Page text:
Last month we hosted a Webinar with ADRA Canada on “What is CoLMEAL?” We had a lot of engaged participants who asked some important questions about the practicality of implementing CoLMEAL in their projects.
Today we are highlighting one of these questions:
This can be challenging since CoLMEAL is an added element to existing reporting requirements. This can feel like added workload to an already overflowing plate.
Ideally it begins with strategy and strategic leadership. CoLMEAL is best implemented when there is already an organizational commitment to Community-Led Development more generally. We would hazard to say that ColMEAL will not work in its absence. Changing the mindset and organizational processes and culture begins with leadership. This is why as a first step, we assess an organization’s readiness to implement CoLMEAL. (This is the focus for our next webinar, register here). CoLMEAL is about relationship building. When this is the focus of your organization’s approach, CoLMEAL is a natural next step.
Our partners have also highlighted practical steps they have taken to integrate CoLMEAL into their projects:
- Carve out funding for a fully dedicated staff – This person should be solely dedicated to CoLMEAL and not involved in regular M&E activities. With government funded projects, there can be demanding reporting requirements that do not always align with the CoLMEAL approach. Having a dedicated staff member allows the CoLMEAL officer to spend the needed time and energy dedicated to CoLMEAL activities.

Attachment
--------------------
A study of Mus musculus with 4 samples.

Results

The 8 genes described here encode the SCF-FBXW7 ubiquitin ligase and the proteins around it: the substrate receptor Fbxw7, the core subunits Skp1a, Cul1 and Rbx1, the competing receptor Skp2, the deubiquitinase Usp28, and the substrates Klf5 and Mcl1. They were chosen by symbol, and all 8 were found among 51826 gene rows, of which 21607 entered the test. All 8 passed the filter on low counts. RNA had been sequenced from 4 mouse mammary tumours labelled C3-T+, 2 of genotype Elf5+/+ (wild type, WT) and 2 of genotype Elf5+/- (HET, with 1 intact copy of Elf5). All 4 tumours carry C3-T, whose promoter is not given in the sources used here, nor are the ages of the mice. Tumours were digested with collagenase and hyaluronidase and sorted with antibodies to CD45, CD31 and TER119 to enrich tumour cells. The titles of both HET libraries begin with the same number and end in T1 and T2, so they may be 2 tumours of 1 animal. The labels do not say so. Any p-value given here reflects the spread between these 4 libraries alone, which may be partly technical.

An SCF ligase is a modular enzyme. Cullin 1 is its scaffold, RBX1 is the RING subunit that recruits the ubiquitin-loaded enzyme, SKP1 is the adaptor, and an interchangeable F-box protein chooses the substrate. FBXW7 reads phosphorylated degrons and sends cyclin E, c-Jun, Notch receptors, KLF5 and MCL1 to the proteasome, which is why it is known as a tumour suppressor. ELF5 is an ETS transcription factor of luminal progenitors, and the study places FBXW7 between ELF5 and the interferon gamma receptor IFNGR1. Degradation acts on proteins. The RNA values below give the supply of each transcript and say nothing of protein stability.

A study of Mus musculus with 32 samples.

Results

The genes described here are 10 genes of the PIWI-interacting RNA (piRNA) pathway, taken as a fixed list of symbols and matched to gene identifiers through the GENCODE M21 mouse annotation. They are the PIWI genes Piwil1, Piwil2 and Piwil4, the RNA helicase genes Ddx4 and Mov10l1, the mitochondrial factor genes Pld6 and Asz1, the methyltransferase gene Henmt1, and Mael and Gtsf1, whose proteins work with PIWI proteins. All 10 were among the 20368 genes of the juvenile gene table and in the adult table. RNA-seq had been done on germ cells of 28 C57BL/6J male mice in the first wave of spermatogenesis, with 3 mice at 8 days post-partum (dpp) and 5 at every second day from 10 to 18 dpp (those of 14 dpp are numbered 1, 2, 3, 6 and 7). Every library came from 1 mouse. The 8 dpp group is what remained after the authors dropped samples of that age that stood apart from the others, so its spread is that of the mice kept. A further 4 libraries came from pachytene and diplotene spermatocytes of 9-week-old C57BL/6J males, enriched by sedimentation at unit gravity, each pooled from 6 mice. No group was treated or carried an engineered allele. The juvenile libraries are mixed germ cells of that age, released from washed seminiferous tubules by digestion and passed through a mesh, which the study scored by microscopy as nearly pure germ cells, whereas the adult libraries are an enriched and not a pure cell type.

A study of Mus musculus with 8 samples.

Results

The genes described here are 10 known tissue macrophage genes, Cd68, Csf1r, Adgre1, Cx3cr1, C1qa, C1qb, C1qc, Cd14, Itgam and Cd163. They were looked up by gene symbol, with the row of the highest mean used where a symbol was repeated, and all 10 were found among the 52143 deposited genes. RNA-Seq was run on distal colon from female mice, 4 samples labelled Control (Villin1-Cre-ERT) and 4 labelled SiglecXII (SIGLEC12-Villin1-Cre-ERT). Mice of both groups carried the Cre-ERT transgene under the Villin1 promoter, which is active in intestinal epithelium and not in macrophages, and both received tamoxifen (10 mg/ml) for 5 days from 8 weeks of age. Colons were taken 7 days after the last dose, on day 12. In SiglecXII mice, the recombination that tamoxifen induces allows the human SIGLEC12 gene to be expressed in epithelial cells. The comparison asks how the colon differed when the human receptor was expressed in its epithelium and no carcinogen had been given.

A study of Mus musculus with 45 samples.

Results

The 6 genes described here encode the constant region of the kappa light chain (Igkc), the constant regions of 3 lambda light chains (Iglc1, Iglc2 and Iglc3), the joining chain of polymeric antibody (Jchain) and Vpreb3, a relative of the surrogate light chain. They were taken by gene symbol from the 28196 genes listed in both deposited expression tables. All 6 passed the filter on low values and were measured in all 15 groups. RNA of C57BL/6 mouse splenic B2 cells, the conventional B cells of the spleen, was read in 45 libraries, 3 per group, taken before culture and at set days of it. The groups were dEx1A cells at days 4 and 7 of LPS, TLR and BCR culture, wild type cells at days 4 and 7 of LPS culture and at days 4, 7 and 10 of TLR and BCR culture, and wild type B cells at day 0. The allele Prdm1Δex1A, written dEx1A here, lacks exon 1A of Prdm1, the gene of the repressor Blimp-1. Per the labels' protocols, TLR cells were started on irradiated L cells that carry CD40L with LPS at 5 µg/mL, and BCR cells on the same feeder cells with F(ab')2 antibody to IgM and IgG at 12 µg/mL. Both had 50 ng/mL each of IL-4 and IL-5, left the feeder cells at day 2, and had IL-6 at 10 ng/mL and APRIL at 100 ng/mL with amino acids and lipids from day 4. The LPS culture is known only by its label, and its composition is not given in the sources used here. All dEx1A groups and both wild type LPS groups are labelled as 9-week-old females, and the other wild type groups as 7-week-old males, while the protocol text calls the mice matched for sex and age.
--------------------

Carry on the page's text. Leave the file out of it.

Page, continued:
- Manage the balance of donor and community timelines – CoLMEAL functions best if there is time in the project schedule to allow what needs to happen at the pace of the community. It requires donor and project staff to step out of the usual “we need to do this” mindset and let the pace of the community dictate how it will be done. This may require negotiating with the donor on what targets can be and when they will be delivered. It takes some skill to facilitate in a way that respects the timeline of the community, while complementing with the organization’s added value to expedite the processes already existing in community structures.
- Carve out resources to fund community actions – In any context, there can be issues the community can solve vs issues that require external assistance. It is important to be able to design projects so that it supports solutions that are not just prescribed from the organization or donor’s perspective, but for community plans that address issues that are being prioritized by the community. Including community action grants to encourage community plans developed through CoLMEAL is essential so they have the resources and facility to make their plans happen.
Want to learn more? Stay-tuned for our next post “Is your organization ready for CoLMEAL?”. Join our mailing list below or follow us on LinkedIn so you don’t miss the next update!
If you have any questions about CoLMEAL leave them at the bottom of this post, or join our discussion on LinkedIn!